Sears, Kmart to offer streaming movie service

TVs and Blu-ray players sold at the retailers will come with the new digital movie service called Alphaline Entertainment. It follows similar services from Best Buy, Walmart.

Erica Ogg Former Staff writer, CNET News
Erica Ogg is a CNET News reporter who covers Apple, HP, Dell, and other PC makers, as well as the consumer electronics industry. She's also one of the hosts of CNET News' Daily Podcast. In her non-work life, she's a history geek, a loyal Dodgers fan, and a mac-and-cheese connoisseur.
Erica Ogg
2 min read

Here's how you know streaming video has gone mainstream: when mass market retailers are getting in on the game.

Scheduled for a holiday release is a new digital video service that will be available on TVs and Blu-ray players sold at Sears and Kmart. It's called Alphaline Entertainment, and will be available on devices from Sharp, LG, Sony, Samsung, Panasonic, and RCA by the end of the year. Customers will be walked through the set-up inside the store by customer service representatives so that they can just take it home and begin watching movie content at once.

Streaming movie service

The service is similar to what Best Buy and Wal-Mart have started offering. Sears and Kmart's service is powered by the same back-end technology as Best Buy's: Sonic Solutions' RoxioNow streaming and content architecture. There are about 5,000 new-release movies available on the service, according to Sonic.

Wal-Mart went a different direction, and instead of partnering purchased Vudu, a streaming-video service in February with plans to make it accessible on every Web-connected consumer electronics device sold in its stores.

That's in addition to the streaming services from Netflix and Amazon Video on Demand which have proliferated to be available on PCs via the Web, and across a wide range of living room devices.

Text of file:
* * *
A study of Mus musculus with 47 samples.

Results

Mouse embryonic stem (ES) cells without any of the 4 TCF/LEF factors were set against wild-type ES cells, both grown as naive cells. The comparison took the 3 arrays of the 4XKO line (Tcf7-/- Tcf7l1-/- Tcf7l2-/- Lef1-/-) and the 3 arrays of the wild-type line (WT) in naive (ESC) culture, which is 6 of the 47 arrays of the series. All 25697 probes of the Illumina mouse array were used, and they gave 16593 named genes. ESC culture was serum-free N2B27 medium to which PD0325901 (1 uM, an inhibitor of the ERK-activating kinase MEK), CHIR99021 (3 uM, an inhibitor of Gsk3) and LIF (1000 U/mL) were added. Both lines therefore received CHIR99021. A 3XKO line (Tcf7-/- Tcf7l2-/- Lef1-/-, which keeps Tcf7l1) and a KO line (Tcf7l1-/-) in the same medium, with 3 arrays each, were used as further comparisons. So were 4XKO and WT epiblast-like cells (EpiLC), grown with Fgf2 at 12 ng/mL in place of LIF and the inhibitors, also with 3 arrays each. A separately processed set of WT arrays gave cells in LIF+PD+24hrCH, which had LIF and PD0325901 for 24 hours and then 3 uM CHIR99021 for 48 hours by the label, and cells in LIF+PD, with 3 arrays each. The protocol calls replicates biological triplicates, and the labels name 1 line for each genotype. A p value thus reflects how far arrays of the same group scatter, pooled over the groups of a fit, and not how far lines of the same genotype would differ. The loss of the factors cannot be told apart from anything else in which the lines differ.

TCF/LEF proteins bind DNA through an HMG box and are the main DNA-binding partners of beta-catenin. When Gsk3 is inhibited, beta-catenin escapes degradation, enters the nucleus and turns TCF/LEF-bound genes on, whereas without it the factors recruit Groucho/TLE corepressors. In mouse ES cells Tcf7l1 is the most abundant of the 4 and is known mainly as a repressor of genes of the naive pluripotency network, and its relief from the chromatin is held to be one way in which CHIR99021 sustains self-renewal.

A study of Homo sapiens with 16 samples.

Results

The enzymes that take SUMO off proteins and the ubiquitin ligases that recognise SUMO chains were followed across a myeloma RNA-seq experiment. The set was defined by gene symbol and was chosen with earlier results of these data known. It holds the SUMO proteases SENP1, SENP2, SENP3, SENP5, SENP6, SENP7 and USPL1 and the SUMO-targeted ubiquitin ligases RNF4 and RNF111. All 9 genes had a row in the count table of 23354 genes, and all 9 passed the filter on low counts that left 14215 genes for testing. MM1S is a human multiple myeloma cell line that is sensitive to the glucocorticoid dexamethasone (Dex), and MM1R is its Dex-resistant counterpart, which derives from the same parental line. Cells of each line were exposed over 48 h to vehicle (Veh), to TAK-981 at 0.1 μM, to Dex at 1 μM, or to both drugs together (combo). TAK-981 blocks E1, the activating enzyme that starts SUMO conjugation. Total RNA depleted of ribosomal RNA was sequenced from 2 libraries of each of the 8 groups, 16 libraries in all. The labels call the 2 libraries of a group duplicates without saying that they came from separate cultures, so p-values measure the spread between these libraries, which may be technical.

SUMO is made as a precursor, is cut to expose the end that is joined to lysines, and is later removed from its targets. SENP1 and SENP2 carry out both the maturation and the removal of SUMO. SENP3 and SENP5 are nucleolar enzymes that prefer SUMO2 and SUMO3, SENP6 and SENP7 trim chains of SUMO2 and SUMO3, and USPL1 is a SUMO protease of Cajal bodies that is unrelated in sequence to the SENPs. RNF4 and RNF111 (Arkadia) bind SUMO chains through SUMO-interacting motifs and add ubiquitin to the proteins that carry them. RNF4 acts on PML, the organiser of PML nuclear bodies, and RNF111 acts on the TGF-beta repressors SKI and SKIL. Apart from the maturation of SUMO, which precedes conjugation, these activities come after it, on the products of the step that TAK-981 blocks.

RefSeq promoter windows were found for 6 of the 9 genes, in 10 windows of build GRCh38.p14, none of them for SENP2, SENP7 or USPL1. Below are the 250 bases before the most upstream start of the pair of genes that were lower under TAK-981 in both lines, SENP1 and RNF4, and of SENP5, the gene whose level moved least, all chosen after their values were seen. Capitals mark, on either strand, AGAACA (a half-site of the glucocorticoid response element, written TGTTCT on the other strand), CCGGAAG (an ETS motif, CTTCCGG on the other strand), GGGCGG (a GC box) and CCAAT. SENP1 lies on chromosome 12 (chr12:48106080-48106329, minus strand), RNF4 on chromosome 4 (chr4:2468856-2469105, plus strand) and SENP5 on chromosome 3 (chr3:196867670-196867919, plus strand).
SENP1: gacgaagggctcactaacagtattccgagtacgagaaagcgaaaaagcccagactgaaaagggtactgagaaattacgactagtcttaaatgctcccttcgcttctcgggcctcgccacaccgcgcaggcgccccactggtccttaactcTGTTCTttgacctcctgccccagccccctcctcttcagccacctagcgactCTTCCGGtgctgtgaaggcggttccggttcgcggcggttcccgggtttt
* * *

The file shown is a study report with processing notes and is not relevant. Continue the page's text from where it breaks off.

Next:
Sonic's streaming-media library is now available via Blockbuster's online service, Best Buy, and soon Sears and Kmart. According to Sonic, while manufacturers have been on board with the idea of Web-connected devices, retailers are relatively new to it, but are gradually coming around.

"Moving from Blockbuster and Best Buy to Sears/Kmart shows that those retailers who reach a broad base of consumers are really wanting to embrace digital services," said Mark Ely, Sonic's head of strategy.

One of the main reasons that retailers are suddenly interested? Physical media sales are going to drop off, and these retailers are preparing for the future.

"We see the DVD business declining over the next couple years," said Elliot Becker, vice president of home electronics for Sears and Kmart. "We wanted to offer a service on all of the devices we sell, not just TVs, but Blu-ray (players), tablets, all the devices we're in or going to get into."

Tablets are not in the plans for this year, but perhaps next year depending on how demand for them shapes up, Becker said.